At NCOHC, we see integrated care structures at the center of a more equitable, accessible health care system. Oral health is an important part of a person’s overall health, and our bodies benefit most when our medical and dental needs are met in a “whole-body” approach.
The same goes for mental health, another often siloed health care practice. Not only do our medical, dental, and mental health needs overlap, but deficiencies in any of the three can have serious impacts on the rest of our bodies.
Oral Health and Mental Health: A Two-Way Street
Many social determinants of health have significant impacts on both oral and mental health. For example, while food access has well-documented impacts on oral health, it also affects mental health. One study conducted during the COVID-19 pandemic found a 257 percent higher risk of anxiety and a 253 percent higher risk of depression among food-insecure individuals.
The same goes for economic stability. Societal forces like income, housing, and transportation that can prevent someone from accessing oral health services often carry negative mental health consequences as well.
The comedian Moses Storm discussed his own poverty in his recent HBO Max special, saying that “poverty is a disease, and its most sinister symptom is fear. It’s something that I carry with me to this day… It’s no revelation that poverty is a major stressor, and we know that chronic stress causes damage to the cerebral cortex, the part of your brain that’s in charge of risk/reward, long-term planning.”
Can Oral Health Affect Mental Health?
Oral health itself can impact mental health, too. Poor oral health is strongly associated with fear, anxiety, and shame. Among children, untreated tooth decay can lead to school absenteeism, learning deficiencies, and difficulty socializing and making friends. Among adults, similar impacts can be seen maintaining employment, relationships, and more.
Similarly, people living with mental illnesses like anxiety and depression can face difficulty maintaining daily routines. This and other effects of mental illnesses, such as excessive smoking or drinking as coping mechanisms, impact oral health.
A 2016 article in the Canadian Journal of Psychiatry discussed the fact that “many psychiatric disorders, such as severe mental illness, affective disorders, and eating disorders, are associated with dental disease.”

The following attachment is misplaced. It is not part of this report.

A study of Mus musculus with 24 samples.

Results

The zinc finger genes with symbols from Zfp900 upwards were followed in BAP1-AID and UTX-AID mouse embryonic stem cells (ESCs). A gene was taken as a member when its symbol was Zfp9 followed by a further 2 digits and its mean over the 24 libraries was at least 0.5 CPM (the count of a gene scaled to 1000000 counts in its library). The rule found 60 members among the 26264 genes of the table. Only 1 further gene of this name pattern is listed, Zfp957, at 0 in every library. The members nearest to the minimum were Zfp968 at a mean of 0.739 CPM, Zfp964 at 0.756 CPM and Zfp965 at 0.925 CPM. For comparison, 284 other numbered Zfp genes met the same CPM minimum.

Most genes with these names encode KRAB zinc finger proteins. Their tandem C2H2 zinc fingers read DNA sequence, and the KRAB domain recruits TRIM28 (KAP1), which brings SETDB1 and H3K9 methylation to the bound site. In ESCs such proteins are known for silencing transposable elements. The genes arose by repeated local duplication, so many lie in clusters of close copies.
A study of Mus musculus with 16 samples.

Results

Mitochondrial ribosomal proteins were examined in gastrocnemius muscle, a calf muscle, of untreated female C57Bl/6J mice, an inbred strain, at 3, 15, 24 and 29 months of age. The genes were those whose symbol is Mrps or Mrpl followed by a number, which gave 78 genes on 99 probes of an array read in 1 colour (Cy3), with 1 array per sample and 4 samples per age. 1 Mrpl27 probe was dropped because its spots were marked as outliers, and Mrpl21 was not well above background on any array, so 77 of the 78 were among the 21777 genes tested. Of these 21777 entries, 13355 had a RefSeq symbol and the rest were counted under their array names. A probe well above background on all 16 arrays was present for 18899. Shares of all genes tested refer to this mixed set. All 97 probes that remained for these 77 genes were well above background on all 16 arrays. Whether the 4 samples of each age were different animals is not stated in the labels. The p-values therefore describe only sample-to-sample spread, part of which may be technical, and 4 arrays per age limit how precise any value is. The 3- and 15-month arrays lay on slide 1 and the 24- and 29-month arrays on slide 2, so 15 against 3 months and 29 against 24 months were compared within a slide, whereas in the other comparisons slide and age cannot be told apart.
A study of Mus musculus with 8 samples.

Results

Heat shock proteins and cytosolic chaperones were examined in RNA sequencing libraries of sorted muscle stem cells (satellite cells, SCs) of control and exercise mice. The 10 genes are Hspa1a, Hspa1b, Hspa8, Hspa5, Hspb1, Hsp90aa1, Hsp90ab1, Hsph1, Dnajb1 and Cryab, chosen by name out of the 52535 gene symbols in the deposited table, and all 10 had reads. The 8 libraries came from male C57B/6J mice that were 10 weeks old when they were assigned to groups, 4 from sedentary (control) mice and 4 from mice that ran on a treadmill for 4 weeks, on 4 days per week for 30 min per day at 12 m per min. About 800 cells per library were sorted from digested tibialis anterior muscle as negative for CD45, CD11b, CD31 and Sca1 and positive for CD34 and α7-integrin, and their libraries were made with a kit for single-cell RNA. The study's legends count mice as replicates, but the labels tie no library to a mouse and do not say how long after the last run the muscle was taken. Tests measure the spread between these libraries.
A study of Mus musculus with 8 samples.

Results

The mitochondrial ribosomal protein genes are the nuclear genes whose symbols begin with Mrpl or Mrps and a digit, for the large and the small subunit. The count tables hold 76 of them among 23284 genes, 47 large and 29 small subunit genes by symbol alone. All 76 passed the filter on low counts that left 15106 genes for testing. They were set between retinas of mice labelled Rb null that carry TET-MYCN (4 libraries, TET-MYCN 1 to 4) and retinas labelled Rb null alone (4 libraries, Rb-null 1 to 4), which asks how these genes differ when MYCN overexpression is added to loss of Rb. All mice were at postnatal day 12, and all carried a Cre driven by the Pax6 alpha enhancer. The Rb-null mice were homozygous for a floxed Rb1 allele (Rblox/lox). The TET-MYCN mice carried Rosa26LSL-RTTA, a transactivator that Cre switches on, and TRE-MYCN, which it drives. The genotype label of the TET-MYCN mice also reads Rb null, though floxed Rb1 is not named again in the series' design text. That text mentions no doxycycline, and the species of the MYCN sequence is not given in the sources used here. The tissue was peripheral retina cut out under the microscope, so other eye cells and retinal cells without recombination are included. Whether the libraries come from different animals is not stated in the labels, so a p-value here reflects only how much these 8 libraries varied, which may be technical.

The bottom line is that poor oral health and mental illnesses are often, in a way, symptoms of each other, results of a network of stressors, barriers to care, and societal factors that many people face. As such, they are intertwined, both impacting each other in many ways.
According to Storm, “Basically all the tools that get you out of poverty get damaged by being poor.”
That sentiment is reflected by the compounding effects of poor health, and poor health and poverty are also intertwined in this kind of feedback loop.
The Need for Systems-Level Change
Whether brushing teeth and visiting the dentist to improve oral health or adopting mindfulness routines and seeking behavioral health care to improve mental health, self-care routines are vital. But, the burden of improvement can’t always be placed on the individual.
Many of the societal factors that impact mental health are structural in nature. While they are important, meditation sessions, mindfulness routines, and daily walks must be accompanied by structural improvements to health care access, income, affordable housing, transportation, and so much more.
The same goes for oral health, and health care in general. Too many people simply cannot access the care they deserve. Solving this problem is one of the most important things health care professionals can do to improve and ultimately save lives.
NCOHC, a program of the Foundation for Health Leadership & Innovation, works to advance systems-level changes, improving the overall health and well-being of all North Carolinians by increasing access and equity in care. To stay up-to-date and get involved, join us today as a North Carolinian for Change.